April 15, 2017

Lesson plan

Powers of 10

EL Adjustments

Students will be able to multiply by powers of 10 with exponents.

The adjustment to the whole group lesson is a modification to differentiate for children who are English learners.
EL adjustments
(5 minutes)
  • Write 10 x 1 = 10, 10 x 10 = 100, 10 x 100 = 1,000, and 1 0x 1,000 = 10,000On the board. (Note: write each new equation above the previous one, making sure to align the equal signs)
  • Ask students to look for patterns and discuss with a partner.
  • Discuss patterns as a class (i.e., each equation is ten times greater than the one before; each equation has the same number of zeros in the product as in the two factors). Guide the discussion as needed.
  • Tell students that today they will be studying Powers of ten(10 multiplied by itself a certain number of times).
(15 minutes)
  • Introduce Exponents. (The exponent of a number says how many times to use that number in multiplication, for example 4 to the third power would be 4 x 4 x 4.)
  • Provide a few examples (i.e., 22= 2 x 2 = 4, 52= 5 x 5 = 25, 43= 4 x 4 x 4 = 64, and 63= 6 x 6 x 6 = 216).
  • Explain that powers of ten are numbers that are a result of 10 being multiplied by itself a certain number of times. Therefore, we can use exponents to express various powers of ten.
  • Hand out the Growing by Powers of Ten Chart printout, and guide students through it, filling in blanks as a whole class.
  • When the worksheet is completed, have students look for patterns and discuss with a partner. Then, as a class, discuss the patterns (i.e., each power of ten has one zero more than the previous; each power of ten has the same number of zeros as the exponent, for example 103= 1,000).
  • Explain that each power of ten has a value ten times greater than the previous power of ten, because it is multiplied by an additional 10. For example, 105Is ten times greater than 104.
  • Point out the pattern of added zeros on the worksheet and tell students that each additional zero represents a place value that has been added.
  • Write 10,000 on the board and ask students: What power of ten is this? (104) Call on a student to give an answer and justification.
(10 minutes)
  • Write a multiplication problem on the board that includes a power of ten (i.e., 5 x 100 = 500).
  • Explain: we can rewrite this problem with a power of ten.
  • Under the first problem, write 5 x 102= 500And tell students that, since we know that 102Is 100, then 5 x 102Is equal to 5 x 100.
  • Write another problem, like 2 x 103, and have students solve with a partner. Have students rewrite the power of ten as a number before solving (i.e., 2 x 1,000). Remind students to use their chart for help if needed.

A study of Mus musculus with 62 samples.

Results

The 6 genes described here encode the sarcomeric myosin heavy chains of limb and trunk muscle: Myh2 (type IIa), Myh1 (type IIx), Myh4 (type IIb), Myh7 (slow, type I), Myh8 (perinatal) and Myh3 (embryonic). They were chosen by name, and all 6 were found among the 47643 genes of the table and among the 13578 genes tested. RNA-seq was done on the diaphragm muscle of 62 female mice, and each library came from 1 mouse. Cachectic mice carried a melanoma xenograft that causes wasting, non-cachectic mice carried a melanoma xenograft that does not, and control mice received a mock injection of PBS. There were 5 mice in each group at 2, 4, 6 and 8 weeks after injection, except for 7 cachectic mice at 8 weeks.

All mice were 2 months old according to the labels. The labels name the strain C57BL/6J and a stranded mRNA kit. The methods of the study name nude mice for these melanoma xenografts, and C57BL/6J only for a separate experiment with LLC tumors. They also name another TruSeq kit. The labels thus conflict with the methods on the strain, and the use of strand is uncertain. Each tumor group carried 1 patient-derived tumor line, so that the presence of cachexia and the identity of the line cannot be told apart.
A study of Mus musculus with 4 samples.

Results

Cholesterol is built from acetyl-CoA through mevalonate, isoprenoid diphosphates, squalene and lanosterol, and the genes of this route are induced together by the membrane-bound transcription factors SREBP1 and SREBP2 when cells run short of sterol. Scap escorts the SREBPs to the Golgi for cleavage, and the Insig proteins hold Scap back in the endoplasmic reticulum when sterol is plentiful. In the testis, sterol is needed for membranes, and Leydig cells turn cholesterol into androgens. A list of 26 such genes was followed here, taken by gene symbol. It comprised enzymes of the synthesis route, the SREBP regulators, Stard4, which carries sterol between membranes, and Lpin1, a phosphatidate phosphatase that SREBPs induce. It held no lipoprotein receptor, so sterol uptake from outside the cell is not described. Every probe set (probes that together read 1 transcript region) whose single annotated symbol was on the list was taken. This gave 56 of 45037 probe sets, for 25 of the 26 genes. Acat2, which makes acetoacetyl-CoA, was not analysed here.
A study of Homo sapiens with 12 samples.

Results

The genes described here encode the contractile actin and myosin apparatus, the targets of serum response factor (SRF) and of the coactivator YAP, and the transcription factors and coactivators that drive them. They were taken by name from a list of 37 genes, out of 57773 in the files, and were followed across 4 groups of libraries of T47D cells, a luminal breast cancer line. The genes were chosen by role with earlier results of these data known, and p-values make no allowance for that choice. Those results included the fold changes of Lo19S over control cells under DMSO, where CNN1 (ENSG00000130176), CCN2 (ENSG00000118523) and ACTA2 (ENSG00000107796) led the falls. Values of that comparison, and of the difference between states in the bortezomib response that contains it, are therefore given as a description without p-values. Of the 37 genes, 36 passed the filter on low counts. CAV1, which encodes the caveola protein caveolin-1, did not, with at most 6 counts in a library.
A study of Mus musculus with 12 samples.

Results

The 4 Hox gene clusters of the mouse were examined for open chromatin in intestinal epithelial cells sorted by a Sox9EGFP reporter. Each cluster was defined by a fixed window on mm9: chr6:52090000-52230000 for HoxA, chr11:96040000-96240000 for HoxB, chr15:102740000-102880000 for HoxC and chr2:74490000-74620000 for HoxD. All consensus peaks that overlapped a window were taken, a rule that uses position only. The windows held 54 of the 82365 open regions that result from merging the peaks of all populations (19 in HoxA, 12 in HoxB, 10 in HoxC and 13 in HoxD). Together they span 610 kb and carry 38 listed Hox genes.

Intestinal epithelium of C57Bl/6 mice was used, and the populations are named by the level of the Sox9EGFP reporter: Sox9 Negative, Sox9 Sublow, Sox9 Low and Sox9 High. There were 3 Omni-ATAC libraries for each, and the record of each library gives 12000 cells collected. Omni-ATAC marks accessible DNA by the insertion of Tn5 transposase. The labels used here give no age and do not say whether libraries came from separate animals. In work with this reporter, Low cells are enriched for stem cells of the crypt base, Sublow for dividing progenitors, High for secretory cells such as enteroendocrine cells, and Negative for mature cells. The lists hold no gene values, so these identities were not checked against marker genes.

• Write another problem on the board, like 3 x 104, and have students solve it independently. Then, call on a student to share their answer and a justification (i.e., "104Is 10,000 and when you multiply that by 3, you get 30,000. The pattern of zeros helped me because I know that the product of 104Will have four zeros.").
(15 minutes)
  • Write five problems on the board and have students solve them independently (i.e., 6 x 105, 12 x 104, 98 x 102, 134 x 106, and 502 x 103).
  • Hand out scratch paper for student work or have students work in a maths notebook.
  • Circulate as students work and offer support as needed.
  • Go over the problems as a class.

Support:

  • Encourage students to use their completed Growing by Powers of Ten chart as a support during independent practise.
  • Provide additional practise with smaller numbers (i.e., 2 x 104, 3 x 101).

Enrichment:

  • Have students apply the concept to decimals (see optional materials).
(10 minutes)
  • Pass out a sticky note and one die per student (multiple students can share a die if needed).
  • Instruct students to roll the die and use the number to write a power of ten on their sticky note (i.e., if a 4 was rolled, the student would write 104).
  • Instruct students to roll the die again. Have them use this second number to multiply by their power of ten (i.e., if the second number rolled was a 2, the student would write and solve this equation: 2 x 104).
  • Collect as an exit card and check for understanding.
(5 minutes)
  • Ask students: How can the problems we solved today (multiplying by powers of ten) help us understand and solve bigger multiplication problems?
  • Discuss as a class (i.e., we can solve big problems in our head by counting zeros; we know that a digit in one place represents ten times what it represents in the place to its right).